Variability of urinary concentrations of phthalate metabolites during pregnancy in first morning voids and pooled samples

Hyeong Moo Shin, Deborah H Bennett, Jacqueline Barkoski, Xiaoyun Ye, Antonia M. Calafat, Daniel J Tancredi, Irva Hertz-Picciotto

Research output: Contribution to journalArticle

3 Citations (Scopus)

Abstract

Background: Because phthalates are quickly metabolized and excreted in urine, and human exposures tend to be episodic, phthalate metabolite concentrations measured in a maternal spot urine sample are only indicative of recent exposure. Objective: To examine temporal variability of pregnant women's phthalate exposure using multiple first morning voids (FMV) and pooled samples. Methods: We quantified 14 metabolites of eight phthalates in 577 urine samples collected from 188 pregnancies in the MARBLES (Markers of Autism Risk in Babies – Learning Early Signs) study. We calculated intraclass correlation coefficients (ICCs) using two samples of the same urine type (i.e., two FMVs or two pools) collected across the 2nd and 3rd trimesters. We also calculated ICCs and FMV/pool concentration ratios using two samples (i.e., two FMVs or one FMV and one pool) collected within the same trimester. Results: Overall, ICCs were higher in pooled samples (0.24–0.87) than in FMVs (0.08–0.69). Regardless of the sample type, ICCs tended to be higher for metabolites for which exposure sources are personal care products or indoor residential materials than those for which diet is an important exposure source. ICCs tended to increase and FMV/pool ratios tended to decrease with an increasing number of composite samples in the pools. Conclusions: Our study helped determine the number of samples needed to capture moderate to high reproducibility of individual's average exposure to phthalates and the average exposure can be differently characterized depending on the number of samples in the pools.

Original languageEnglish (US)
JournalEnvironment International
DOIs
StateAccepted/In press - Jan 1 2018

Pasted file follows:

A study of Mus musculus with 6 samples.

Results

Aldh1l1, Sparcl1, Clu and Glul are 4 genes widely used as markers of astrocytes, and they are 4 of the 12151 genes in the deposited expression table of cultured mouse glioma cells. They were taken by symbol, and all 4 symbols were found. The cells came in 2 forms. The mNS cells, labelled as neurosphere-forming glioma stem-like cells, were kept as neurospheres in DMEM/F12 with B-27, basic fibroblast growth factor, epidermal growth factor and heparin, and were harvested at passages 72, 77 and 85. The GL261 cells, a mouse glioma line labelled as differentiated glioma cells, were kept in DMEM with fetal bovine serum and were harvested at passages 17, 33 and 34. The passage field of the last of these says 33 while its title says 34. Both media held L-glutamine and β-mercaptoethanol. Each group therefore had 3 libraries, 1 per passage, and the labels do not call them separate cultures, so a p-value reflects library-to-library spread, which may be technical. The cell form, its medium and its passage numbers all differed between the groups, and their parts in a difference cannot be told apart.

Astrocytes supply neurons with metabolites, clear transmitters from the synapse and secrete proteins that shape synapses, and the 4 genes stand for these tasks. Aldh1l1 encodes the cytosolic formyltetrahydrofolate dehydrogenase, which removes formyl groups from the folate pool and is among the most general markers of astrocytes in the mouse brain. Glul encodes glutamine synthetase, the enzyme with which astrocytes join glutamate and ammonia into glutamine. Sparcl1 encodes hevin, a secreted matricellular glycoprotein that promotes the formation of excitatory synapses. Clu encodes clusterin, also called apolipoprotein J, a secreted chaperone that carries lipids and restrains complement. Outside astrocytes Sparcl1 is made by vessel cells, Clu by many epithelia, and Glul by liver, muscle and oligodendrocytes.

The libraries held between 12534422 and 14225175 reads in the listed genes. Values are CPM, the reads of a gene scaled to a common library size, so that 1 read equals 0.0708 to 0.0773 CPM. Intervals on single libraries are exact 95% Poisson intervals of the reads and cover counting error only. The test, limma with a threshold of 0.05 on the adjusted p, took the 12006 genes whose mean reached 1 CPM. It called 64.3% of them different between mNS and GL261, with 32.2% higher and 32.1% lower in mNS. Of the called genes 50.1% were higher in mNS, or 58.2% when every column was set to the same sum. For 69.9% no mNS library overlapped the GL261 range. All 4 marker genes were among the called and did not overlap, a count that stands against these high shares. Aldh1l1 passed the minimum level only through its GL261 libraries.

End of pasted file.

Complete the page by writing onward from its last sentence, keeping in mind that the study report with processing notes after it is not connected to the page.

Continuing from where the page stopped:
pregnancy
void
metabolite
urine
exposure
learning
diet

Keywords

  • First morning void
  • Intraclass coefficient
  • Phthalate exposure
  • Pooled sample
  • Variability

ASJC Scopus subject areas

  • Environmental Science(all)

Cite this

Variability of urinary concentrations of phthalate metabolites during pregnancy in first morning voids and pooled samples. / Shin, Hyeong Moo; Bennett, Deborah H; Barkoski, Jacqueline; Ye, Xiaoyun; Calafat, Antonia M.; Tancredi, Daniel J; Hertz-Picciotto, Irva.

In: Environment International, 01.01.2018.

Research output: Contribution to journalArticle


AU - Bennett, Deborah H

AU - Barkoski, Jacqueline

AU - Ye, Xiaoyun

AU - Calafat, Antonia M.

AU - Tancredi, Daniel J

AU - Hertz-Picciotto, Irva


AB - Background: Because phthalates are quickly metabolized and excreted in urine, and human exposures tend to be episodic, phthalate metabolite concentrations measured in a maternal spot urine sample are only indicative of recent exposure. Objective: To examine temporal variability of pregnant women's phthalate exposure using multiple first morning voids (FMV) and pooled samples. Methods: We quantified 14 metabolites of eight phthalates in 577 urine samples collected from 188 pregnancies in the MARBLES (Markers of Autism Risk in Babies – Learning Early Signs) study. We calculated intraclass correlation coefficients (ICCs) using two samples of the same urine type (i.e., two FMVs or two pools) collected across the 2nd and 3rd trimesters. We also calculated ICCs and FMV/pool concentration ratios using two samples (i.e., two FMVs or one FMV and one pool) collected within the same trimester. Results: Overall, ICCs were higher in pooled samples (0.24–0.87) than in FMVs (0.08–0.69). Regardless of the sample type, ICCs tended to be higher for metabolites for which exposure sources are personal care products or indoor residential materials than those for which diet is an important exposure source. ICCs tended to increase and FMV/pool ratios tended to decrease with an increasing number of composite samples in the pools. Conclusions: Our study helped determine the number of samples needed to capture moderate to high reproducibility of individual's average exposure to phthalates and the average exposure can be differently characterized depending on the number of samples in the pools.